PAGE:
In keeping with what has apparently become my life plan of “make comics about the fine points of healthcare policy because I can dammit,” here’s another comic about the fine points of healthcare policy. Today, our subject is the best Republican plan to replace Obamacare.

Behold: https://economixcomix.com/home/trumpcare/

2 comments to The Republican plan to replace Obamacare, in comics!

  • Ben

    Great comic. There’s one thing I don’t quite understand: Obamacare included the 80/20 rule that requires insurance companies to spend either 80% or 85% of premiums on medical care. https://www.cms.gov/CCIIO/Programs-and-Initiatives/Health-Insurance-Market-Reforms/Medical-Loss-Ratio.html Shouldn’t this prevent a single insurer in a state’s marketplace from fleecing customers like you’re describing?

    The only ways I can think of to take advantage of being the only insurer in a marketplace would involve some fancy tricks that I don’t think we’re seeing, like don’t offer high-deductible plans (if you collect more premiums and spend more on care, you can collect a greater 20% slice too), and pass through high provider costs instead of negotiating aggressively within the insurer’s network (but then it’s really the providers fleecing their customers more than the insurers, they’re just complicit).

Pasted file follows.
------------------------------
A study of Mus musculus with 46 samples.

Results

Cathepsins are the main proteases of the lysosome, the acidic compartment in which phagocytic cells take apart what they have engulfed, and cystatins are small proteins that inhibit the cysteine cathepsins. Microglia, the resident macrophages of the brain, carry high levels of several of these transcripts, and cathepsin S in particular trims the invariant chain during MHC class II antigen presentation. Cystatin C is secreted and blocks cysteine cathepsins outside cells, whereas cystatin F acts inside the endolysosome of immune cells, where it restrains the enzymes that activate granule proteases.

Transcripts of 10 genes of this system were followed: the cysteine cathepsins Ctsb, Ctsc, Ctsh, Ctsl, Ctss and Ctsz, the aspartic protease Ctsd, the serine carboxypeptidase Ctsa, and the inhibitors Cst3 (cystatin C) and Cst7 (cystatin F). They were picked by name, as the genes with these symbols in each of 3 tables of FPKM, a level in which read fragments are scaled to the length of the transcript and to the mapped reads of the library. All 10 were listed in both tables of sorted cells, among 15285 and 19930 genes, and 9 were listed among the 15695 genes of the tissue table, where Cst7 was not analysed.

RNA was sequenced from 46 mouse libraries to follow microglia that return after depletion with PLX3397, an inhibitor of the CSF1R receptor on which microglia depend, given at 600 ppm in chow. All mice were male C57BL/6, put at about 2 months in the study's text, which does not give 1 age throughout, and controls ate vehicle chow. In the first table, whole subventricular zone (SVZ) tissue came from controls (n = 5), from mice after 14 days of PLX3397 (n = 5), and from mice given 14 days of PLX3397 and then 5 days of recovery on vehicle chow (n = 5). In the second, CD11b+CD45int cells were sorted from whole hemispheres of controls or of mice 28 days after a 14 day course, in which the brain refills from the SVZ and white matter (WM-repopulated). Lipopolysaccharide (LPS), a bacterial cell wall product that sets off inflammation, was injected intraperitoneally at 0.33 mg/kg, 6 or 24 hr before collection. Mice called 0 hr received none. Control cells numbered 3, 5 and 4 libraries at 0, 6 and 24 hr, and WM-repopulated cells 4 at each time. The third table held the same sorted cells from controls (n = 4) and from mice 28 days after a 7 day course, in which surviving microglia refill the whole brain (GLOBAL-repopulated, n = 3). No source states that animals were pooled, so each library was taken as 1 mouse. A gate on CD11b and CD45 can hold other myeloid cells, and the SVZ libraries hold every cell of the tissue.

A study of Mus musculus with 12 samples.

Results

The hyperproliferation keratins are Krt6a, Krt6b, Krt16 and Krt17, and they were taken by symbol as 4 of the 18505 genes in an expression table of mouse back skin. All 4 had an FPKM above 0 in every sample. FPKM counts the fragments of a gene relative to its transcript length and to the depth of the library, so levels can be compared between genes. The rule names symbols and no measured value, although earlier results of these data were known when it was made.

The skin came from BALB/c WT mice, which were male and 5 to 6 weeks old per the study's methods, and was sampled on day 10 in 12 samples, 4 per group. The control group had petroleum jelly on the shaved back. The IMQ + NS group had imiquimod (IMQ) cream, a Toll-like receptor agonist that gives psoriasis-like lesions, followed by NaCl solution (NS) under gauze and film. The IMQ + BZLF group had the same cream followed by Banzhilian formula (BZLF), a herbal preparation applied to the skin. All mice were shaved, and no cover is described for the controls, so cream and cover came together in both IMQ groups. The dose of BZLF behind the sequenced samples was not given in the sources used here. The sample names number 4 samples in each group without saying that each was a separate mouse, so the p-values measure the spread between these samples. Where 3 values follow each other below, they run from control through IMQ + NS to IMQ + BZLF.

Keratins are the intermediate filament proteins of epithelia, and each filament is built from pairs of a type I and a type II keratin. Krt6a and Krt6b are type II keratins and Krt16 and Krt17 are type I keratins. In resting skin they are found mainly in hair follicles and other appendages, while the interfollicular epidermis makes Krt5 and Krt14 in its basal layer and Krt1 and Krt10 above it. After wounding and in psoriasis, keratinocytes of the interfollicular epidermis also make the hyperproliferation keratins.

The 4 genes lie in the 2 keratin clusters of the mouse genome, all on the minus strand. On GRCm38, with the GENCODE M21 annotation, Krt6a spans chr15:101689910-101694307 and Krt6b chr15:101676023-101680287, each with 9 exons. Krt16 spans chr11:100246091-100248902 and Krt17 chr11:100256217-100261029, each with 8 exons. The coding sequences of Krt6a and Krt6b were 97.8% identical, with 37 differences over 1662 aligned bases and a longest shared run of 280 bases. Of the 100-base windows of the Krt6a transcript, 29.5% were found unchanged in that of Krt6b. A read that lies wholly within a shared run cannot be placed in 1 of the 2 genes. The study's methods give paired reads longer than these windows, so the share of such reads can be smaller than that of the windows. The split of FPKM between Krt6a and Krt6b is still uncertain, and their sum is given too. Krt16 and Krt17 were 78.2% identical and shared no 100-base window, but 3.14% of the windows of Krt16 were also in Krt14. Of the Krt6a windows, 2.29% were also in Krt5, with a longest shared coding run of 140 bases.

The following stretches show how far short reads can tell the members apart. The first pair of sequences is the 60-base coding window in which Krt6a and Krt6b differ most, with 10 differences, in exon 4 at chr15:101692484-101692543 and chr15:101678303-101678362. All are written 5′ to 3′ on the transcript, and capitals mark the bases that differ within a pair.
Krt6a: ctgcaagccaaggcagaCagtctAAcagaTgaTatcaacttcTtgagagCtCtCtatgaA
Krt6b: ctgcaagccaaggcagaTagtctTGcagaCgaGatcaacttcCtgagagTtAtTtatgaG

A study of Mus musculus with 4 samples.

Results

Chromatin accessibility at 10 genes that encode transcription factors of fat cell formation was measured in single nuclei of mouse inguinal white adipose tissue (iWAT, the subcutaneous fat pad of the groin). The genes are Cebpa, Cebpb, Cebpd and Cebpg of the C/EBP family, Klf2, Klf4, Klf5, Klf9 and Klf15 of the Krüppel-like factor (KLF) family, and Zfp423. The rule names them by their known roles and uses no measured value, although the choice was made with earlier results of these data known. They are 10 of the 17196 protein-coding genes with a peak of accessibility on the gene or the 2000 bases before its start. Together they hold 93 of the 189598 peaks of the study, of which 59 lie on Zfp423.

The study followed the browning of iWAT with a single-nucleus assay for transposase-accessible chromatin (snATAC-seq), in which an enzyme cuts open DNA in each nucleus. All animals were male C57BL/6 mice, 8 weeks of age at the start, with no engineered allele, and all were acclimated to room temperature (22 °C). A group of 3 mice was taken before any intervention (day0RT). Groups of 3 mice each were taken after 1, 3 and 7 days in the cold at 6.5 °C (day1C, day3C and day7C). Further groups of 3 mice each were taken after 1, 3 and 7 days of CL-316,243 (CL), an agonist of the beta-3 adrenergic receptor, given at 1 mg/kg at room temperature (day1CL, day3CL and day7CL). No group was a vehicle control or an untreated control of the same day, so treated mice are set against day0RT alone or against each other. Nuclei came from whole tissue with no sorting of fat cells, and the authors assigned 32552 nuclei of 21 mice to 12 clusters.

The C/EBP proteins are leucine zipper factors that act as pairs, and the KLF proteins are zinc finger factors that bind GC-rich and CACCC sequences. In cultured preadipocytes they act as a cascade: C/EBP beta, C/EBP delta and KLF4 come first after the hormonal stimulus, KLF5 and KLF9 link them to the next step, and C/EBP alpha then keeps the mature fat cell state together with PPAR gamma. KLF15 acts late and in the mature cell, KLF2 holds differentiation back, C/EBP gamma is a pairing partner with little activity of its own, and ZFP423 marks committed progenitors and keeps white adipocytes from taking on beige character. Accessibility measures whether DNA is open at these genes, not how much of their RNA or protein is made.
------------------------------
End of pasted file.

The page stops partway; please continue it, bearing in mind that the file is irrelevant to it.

• Good point. There’s something happening with the MLR that I simply don’t understand. For instance, my insurance is through Obamacare; last year they paid out less than the statutory minimum so they had to send me a refund ($9 woohoo!). You’d think if they’d had such a good year, they wouldn’t have to increase the price much this year. But they increased it reasonably substantially, and I think higher than the average increase in costs. So I’m not sure how things don’t work like they should, but they don’t work like they should.

      But one way that they totally can engage in fuckery (I buried this point in the notes because I was low on space): The subsidies are based on the second-lowest-priced silver plan. If there’s only one insurer, they can simply choose how much the second-lowest-priced silver plan is. Thus, they can determine how big the subsidies are.